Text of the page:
Exciting, no? Unless you take the view that it happens with pretty much every White House. Barack Obama, too, remade the lower courts with effects that will last for generations. Federal judges have life tenure and decide big issues. Same with George W. Bush and Bill Clinton. All came in with a Senate majority and definite views on judges they wanted to appoint.
Yes, judicial appointments are a core accomplishment of Trump’s presidency. But keep in perspective just how slowly and incrementally these things change. For the 851 seats in the federal judiciary overall — which collectively make final decisions for all but the 70 or so cases the US Supreme Court agrees to hear — four or even eight years just isn’t enough to chisel final triumphs or dash recurring hopes.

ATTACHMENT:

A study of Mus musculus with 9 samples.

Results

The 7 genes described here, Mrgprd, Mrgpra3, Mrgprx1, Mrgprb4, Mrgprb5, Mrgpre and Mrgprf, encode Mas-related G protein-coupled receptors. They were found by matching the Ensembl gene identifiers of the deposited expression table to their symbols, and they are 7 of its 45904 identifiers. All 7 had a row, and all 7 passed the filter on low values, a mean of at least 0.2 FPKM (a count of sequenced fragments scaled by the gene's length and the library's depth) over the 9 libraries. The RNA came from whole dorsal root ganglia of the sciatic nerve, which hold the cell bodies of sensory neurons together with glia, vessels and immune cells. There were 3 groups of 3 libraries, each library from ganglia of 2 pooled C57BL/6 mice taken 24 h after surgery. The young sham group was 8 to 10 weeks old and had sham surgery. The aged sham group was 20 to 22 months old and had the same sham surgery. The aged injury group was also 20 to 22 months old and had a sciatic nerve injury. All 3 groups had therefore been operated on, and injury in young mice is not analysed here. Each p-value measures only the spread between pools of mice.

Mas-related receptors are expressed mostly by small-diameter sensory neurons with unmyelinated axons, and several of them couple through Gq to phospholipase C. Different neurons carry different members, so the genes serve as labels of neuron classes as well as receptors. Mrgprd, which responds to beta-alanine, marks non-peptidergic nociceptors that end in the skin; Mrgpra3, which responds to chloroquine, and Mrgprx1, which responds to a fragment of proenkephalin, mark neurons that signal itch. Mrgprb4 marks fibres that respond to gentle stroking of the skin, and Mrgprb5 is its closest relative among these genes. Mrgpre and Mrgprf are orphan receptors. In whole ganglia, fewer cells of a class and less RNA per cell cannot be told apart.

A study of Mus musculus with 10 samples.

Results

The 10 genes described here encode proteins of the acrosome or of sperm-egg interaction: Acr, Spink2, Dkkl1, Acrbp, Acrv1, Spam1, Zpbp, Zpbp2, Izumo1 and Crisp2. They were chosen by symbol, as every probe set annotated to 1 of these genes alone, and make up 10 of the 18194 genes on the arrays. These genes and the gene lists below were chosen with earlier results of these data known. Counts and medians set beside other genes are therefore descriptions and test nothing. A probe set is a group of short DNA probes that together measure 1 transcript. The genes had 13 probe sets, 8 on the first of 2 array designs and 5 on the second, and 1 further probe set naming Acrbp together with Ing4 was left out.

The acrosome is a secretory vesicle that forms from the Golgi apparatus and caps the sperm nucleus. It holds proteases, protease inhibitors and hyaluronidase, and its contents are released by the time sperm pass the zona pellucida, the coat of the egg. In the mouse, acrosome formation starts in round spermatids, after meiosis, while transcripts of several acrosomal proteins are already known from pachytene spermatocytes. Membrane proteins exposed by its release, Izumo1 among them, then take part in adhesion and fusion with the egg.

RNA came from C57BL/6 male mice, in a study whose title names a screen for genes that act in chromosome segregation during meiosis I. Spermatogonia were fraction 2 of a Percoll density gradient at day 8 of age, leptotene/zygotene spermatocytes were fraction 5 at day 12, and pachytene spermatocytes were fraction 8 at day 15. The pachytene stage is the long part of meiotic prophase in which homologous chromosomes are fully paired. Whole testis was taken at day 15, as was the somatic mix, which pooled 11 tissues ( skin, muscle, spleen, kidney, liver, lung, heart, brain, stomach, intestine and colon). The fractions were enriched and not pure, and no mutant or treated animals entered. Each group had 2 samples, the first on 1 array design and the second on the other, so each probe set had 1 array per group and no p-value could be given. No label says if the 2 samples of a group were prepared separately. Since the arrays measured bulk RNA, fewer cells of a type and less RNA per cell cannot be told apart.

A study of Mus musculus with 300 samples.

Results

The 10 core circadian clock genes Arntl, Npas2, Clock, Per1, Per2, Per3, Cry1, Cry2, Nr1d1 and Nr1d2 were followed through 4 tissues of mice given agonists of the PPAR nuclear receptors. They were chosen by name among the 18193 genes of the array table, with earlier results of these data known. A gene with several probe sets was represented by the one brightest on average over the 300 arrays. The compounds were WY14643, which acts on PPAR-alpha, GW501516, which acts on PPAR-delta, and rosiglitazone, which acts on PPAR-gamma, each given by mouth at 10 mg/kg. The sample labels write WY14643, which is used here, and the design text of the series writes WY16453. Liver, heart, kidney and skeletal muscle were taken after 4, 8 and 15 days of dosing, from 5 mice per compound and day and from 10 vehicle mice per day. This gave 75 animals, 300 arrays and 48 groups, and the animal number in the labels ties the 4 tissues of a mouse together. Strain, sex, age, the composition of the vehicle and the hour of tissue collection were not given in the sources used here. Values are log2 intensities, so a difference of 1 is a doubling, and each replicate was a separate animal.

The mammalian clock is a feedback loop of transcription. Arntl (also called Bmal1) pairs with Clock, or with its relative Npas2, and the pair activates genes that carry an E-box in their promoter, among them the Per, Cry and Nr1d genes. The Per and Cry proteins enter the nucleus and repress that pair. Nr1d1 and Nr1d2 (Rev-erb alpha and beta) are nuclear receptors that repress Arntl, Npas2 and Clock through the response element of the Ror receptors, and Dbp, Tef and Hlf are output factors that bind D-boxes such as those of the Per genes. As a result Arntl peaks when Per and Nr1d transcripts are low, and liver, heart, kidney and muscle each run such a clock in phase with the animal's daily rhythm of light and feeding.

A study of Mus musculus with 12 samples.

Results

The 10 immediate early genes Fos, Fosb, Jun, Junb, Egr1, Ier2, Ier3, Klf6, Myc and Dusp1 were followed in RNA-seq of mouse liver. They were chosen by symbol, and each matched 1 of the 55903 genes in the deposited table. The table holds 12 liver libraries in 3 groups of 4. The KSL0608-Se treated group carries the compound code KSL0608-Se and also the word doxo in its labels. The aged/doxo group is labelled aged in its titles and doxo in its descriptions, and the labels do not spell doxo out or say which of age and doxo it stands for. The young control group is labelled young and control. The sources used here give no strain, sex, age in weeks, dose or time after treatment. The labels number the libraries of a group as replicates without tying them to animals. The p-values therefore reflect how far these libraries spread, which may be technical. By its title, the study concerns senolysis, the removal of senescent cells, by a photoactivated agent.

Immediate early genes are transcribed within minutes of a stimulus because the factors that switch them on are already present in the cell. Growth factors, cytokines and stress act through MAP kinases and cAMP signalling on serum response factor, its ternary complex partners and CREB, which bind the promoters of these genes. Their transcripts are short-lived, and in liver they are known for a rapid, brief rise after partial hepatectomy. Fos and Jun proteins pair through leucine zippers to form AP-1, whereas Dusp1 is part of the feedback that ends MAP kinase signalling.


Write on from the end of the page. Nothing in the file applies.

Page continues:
What Trump did do was stop what would otherwise have been a 12- or 16‐year stretch of straight liberal appointments — a true generational shift — if a Hillary Clinton presidency had succeeded Obama’s.
Consider that when Obama took office, 10 of the 13 federal circuits had majority Republican‐appointed judges. By January 2017, only four circuits had GOP‐appointed majorities, while nine were Democratic‐appointed majorities. Quite the shift.
When Trump came in, thanks in part to Senate Majority Leader Mitch McConnell, there were a lot of vacancies. His 167 nominations as of Jan. 29, representing about 20 percent of the 851 seats, exceed those of his three predecessors, who had between 111 and 140 by this point. When it comes to actual confirmations, Trump is around the middle of the pack with 85, ahead of Obama (62) but behind Bush (100) and Clinton (128).